ST. PAUL, Minn. (KTTC, AP) – It’s the final day of the legislative session in Minnesota, and lawmakers are rushing to wrap up details of budget compromise before the clock strikes midnight, marking the end of the session.
But the chance of finalizing $48 billion worth of finance bills is close to none.
“There is no chance,” said Rep. Greg Davids, (R) Preston.
The governor is likely going to call a special session Thursday, overtime for lawmakers to finalize work as they continue to hash out details of the ten finance bills.
“The conference Committees are imploding and so there will be a special session and it’s not if or when but how long,” said Davids.
So far, there’s been only one breakthrough. House-Senate conference committee has reached a bipartisan agreement on compromise legislation aimed at stopping Minnesota’s opioid crisis. The bill imposes sharply higher registration fees on drug makers and distributors to raise around $21 million annually. The money will go toward reducing opioid deaths and overdoses, and to counties to help reimburse them for their growing child protection costs resulting from the crisis.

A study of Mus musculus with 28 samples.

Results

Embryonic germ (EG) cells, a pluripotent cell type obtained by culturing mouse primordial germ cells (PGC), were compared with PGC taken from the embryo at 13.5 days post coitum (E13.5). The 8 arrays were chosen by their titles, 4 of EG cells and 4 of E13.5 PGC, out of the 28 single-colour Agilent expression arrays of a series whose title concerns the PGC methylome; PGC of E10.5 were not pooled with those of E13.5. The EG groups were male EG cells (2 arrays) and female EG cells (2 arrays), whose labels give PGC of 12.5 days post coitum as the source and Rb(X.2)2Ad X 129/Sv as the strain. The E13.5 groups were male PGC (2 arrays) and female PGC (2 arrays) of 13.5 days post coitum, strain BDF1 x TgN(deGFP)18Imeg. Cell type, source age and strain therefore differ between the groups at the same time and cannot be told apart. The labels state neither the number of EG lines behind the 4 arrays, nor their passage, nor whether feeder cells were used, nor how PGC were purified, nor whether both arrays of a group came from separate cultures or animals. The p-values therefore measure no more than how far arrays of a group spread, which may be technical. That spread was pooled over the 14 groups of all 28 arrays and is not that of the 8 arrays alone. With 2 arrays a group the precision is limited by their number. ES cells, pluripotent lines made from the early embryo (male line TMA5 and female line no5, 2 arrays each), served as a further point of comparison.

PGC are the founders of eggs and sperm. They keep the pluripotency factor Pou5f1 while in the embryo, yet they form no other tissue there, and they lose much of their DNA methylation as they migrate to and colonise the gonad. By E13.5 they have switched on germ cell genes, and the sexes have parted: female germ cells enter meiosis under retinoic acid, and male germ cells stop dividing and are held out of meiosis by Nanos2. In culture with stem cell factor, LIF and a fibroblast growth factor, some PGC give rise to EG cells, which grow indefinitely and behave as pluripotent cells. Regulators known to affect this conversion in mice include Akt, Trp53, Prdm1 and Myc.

When DFL Gov. Tim Walz and top legislative leaders announced the budget agreement Sunday night, there was some pushback from Republican House Minority Leader Kurt Daudt.
He issued a statement saying in part that Republicans will not vote to accelerate a budget deal that raises health care costs. It takes 81 votes to pass a bonding bill and there are 75 DFLers in the house, and Daudt is strongly hinting he will not deliver the minimum six Republican votes needed to pass the bill.
“He can say no, and if he can all of his troops, his members to do what he asks, then we’re done. He wants to go ahead and say that was the better choice than the things that we put into the bills that would’ve answered the needs of the cities and all the local areas around,” said Rep. Duane Sauke, (DFL) Rochester.